Adolescent angst seems to be the pinpoint of teenage attention. Skaters stroll about the nearest parks, collectivizing against the common tides of the system. Savant-computer hackers commit themselves to their bedrooms, grueling away on their MMO games for hours on end, perhaps to escape the ridicule of their high-testosteroned schoolmates. It seems that kids need something that relates to their outcast personality. As long as teenage anger exists, so will the music industry’s attempt in understanding their rage.
Musicians such as Nicholas Kerr, also known as guardin, are complementing the phase with their expressions of grief, first love, and isolation. Expressions don’t need to be lasting, only potent. By the time we reach our mid-twenties or beyond, we will realize the benign nature of issues that we once condoled as end-of-the-world scenarios.
“So, I’ll run so far from these shadows. Makeshift but my heart’s too fragile,”
As for Kerr, the young musician is keeping up with this expression well, especially with his latest single entitled solitary.” Kerr is a young musician from New York who has a knack for catching up to modern trends. His YouTube channel consists of low-gradient Anime filters that fit the depressive atmosphere of his music. Typically, his music will blend Lo-Fi Hip-Hop with subtly caressing guitar strings and vocals that subdue the sadness even further. “solitary” demonstrates that well.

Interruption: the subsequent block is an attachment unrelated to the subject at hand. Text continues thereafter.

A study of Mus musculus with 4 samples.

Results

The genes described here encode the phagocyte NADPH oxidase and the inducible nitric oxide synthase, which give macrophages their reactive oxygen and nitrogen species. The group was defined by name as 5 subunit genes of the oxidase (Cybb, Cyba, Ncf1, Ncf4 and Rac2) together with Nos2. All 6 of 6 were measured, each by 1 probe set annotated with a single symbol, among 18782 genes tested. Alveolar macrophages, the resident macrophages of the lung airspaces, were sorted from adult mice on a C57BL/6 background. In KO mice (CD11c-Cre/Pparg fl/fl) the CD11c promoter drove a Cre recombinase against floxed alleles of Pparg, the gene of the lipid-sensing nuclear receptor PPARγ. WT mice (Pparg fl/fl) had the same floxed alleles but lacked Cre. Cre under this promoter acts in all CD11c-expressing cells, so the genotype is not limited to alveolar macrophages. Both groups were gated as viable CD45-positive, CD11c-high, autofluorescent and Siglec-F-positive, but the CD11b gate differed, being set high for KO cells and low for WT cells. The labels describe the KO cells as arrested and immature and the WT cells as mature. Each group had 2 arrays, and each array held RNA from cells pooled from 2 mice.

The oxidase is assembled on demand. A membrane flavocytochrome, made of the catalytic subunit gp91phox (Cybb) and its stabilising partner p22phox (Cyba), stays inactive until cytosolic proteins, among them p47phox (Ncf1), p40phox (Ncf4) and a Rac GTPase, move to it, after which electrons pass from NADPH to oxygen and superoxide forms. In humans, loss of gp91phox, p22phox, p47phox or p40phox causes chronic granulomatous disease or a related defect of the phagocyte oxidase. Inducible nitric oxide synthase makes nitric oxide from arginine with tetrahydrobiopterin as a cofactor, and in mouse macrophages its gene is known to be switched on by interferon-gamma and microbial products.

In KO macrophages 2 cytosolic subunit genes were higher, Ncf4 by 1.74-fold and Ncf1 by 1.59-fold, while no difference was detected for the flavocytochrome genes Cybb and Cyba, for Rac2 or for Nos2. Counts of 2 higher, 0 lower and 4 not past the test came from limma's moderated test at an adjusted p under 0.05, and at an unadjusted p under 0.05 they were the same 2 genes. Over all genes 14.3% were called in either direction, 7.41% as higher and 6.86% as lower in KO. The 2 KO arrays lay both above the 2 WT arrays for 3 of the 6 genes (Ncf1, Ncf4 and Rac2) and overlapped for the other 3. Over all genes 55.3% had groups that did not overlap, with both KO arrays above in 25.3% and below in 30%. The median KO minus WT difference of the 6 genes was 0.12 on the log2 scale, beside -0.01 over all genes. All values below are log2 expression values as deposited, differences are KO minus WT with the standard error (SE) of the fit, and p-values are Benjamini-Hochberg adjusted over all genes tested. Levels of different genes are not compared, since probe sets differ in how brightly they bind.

For this single, I think Kerr wanted to focus more on the core of the aesthetic. Guitar strings that have just the right slow tempo to match Kerr’s elongated enunciation. Kerr is also beyond-his-years when it comes to his writing style. When Kerr articulates such phrases as “So, I’ll run so far from these shadows. Makeshift but my heart’s too fragile,” his attempt is targeted at the emotionally paralleled youth of the humble suburban, twenty-first century.
Kerr holds just the right intonation to perfectly match the youthful, aching voice of the Emo era before 2010. His vocal range can be familiarized with the likes of Thomas Mars of the band Phoenix. This perfect intonation is the range that suburban kids recognize, whether they’d like to admit it or not.
He’ll also compliment the vocals with chiming guitar strings and a familiar MPC drum pattern. Regardless of whether the outsiders will see this song as sappy or overtly emasculated, it’s not meant for them. Kerr injects the right amount of slow grief into his music so that those going through the phase right now will find their escaping niche.
Kerr knows what’s he’s doing, and in a vigorous and relentless industry battle royale, he will have to take these routes to project his image from the herd and become the recognizable image he desires.